Before you get started, you’ll also want to familiarize yourself with the FAA’s regulations (if you’re in the States) so you can determine where to fly your drone and if you’ll need to register it. Now, here are the six drones that are the best fit for people ready to take to the skies.
DJI’s Phantom drones have consistently been among the most recommended for serious drone pilots, and its Phantom 4 Pro is just the latest and greatest. Among other upgrades, the Phantom 4 Pro comes with a new 20-megapixel camera and a large 1-inch image sensor, which is capable of shooting 4K video at 60fps. As PC Mag notes in its review, that sensor is about four times the size of most other drones in its class. This means the Phantom 4 Pro will give you noticeably better results—unless you’re ready to invest several thousand dollars into your new aerial friend.
If you’re looking to save some money and don’t necessarily need the best video quality out there, some of the earlier Phantom drones are also worth considering. The standard Phantom 4, which still does 4K video, is just under $1,000 and, as of this writing, you can still find the older Phantom 3 for only $400.
The first thing you’ll notice about Yuneec’s Typhoon H is that it has six rotors instead of four, which promises better stability and the ability to keep flying if you lose one. But it’s what’s below that’s just as important. Because of the Typhoon H’s design, the attached 4K camera can be rotated a full 360 degrees, opening up possibilities you won’t find on other drones in this price range.
Wired and Digital Trends both found that the drone delivered when it came to stable flight and good quality video. But the Typhoon also isn’t great at battery life with long recharge times, and its construction is a bit flimsier than DJI’s drones.
If you need evidence of just how advanced drones have gotten in a few short years, you don’t need to look any further than DJI’s Mavic Pro. Not only does look weirdly sci-fi, but it packs capabilities that were until recently reserved for far larger and more expensive drones.
It’s not exactly inexpensive, but that buys you fully stabilized 4K video (or 12 megapixel still images), a control range of just over four miles, flight time of 27 minutes, and speeds up to 40 miles per hour. In his extensive review, DC Rainmaker says “it’s without question the drone I’d recommend folks buy.” If the Pro is a little out of your price range, the new Mavic Air might be more to your liking. A mid-range drone, the Air keeps most of the Pros impressive specs while borrowing what’s best from its beginner DJI Spark.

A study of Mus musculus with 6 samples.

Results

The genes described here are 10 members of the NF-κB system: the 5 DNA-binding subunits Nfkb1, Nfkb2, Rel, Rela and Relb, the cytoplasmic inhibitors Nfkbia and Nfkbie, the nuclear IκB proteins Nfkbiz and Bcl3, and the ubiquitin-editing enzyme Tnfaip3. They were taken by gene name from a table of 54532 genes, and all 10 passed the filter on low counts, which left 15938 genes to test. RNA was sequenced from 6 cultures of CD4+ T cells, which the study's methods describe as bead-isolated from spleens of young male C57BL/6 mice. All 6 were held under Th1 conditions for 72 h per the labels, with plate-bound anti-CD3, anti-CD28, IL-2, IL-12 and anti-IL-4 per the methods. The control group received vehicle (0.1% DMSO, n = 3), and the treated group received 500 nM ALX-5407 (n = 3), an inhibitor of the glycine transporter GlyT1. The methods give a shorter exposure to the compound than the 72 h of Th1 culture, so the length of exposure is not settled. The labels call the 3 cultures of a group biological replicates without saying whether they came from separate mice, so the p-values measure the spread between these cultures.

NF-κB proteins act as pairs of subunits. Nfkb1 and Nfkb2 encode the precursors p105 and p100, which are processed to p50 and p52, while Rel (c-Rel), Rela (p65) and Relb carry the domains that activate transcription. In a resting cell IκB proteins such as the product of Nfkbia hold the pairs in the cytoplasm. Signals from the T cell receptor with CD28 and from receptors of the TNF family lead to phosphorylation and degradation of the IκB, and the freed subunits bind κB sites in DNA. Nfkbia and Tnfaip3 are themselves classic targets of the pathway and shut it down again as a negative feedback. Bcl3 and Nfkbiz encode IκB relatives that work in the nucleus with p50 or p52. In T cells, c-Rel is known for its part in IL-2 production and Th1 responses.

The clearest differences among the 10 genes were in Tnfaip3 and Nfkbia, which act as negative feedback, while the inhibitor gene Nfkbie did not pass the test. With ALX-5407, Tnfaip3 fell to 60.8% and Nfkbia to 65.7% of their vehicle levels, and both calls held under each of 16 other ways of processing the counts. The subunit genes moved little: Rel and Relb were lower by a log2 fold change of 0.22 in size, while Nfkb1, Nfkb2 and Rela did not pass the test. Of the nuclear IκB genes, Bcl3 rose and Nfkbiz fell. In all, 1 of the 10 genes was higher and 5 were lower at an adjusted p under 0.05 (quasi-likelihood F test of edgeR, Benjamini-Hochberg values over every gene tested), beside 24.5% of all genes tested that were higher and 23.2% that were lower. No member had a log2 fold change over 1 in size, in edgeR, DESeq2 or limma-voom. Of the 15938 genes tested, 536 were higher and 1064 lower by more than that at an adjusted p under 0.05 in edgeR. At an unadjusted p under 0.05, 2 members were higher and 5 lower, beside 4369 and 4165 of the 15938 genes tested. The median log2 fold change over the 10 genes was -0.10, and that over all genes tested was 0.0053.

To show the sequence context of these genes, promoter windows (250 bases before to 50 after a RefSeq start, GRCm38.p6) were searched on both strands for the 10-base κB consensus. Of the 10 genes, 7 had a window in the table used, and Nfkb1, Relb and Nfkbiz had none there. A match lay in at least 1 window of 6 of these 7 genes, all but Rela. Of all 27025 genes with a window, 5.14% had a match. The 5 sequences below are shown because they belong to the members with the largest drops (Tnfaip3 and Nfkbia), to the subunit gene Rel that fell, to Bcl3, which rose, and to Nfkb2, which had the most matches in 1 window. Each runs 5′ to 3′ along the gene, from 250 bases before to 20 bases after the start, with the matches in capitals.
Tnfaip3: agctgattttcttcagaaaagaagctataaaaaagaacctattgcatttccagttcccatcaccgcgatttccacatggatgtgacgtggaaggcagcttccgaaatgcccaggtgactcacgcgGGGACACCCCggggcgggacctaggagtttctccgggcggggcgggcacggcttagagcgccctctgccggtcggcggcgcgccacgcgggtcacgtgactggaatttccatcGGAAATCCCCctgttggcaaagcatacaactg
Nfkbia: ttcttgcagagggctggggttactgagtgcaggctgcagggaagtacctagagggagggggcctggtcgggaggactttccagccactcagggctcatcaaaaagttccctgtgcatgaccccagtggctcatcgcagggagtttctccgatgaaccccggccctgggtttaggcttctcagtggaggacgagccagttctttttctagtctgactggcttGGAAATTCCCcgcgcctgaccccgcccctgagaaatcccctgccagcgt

Although technically a minidrone, the Parrot Mambo FPV is the perfect starter drone. Able to hold up to outdoor conditions but also small enough for some indoor flying, the Mambo lets you practice your drone skills anytime, anywhere. Also singled out by The Wirecutter as a great starter choice, it’s included 720p camera won’t give you stunning shots like other drones on this list, but it will help teach you the basics of drone photography.
The best part is it’s significantly cheaper than every other drone on this list, which is a great deal for anyone worried about crashing (and destroying) an expensive piece of aerial equipment.
Believe it or not, you can get a drone equipped with a HD camera for less than $100, but it’s best to temper any high expectations. Among the options available, Syma’s X5C-1 Explorers is a clear favorite, with The Drone Files noting that it’s “remarkably stable and a lot of fun to fly,” and that it delivers decent (if shaky) video for the price. CNET also liked the earlier X5C model, saying that it’s “better than its price suggests.”
As you might expect, however, you won’t get very far with this drone. It offers only seven minutes of flight time on a single, but takes a full 100 minutes to replenish the battery.
While most consumer drones are of the quad or hexacopter variety, they aren’t the only option. Parrot’s fixed-wing Disco FPV costs about the same as DJI’s Spark, but it’ll give you a markedly different flying experience—not to mention a longer 45 minutes of flying time.
As we found in our time with the Disco, you’ll want to have even more of open area for your flights than with a quadcopter—especially for landings, which can take a bit of practice. It’s also probably not the best option if capturing video is your top concern. While it has a 1080p camera, PC Mag described the video quality as only “so-so.”
If you’re looking for something more robust that the Parrot Mambo, but don’t want to get too ahead of yourself, the DJI Spark is the perfect choice. With easy-to-use features, even for beginners, the Spark can also follow hand gestures and land in the palm of your hand thanks to its 3d sensing camera mounted on the front.
It takes 1080p resolution footage, so not professional grade 4K, but not bad either, and is much more compact and portable than some of the more unwieldy options on this list. Under $400 you can rest easy that you’re not flying a gadget that’s worth thousands through the air. If you want all the bells and whistle, including extra batteries, wing guards, and controller, you can also opt for the Fly More combo package.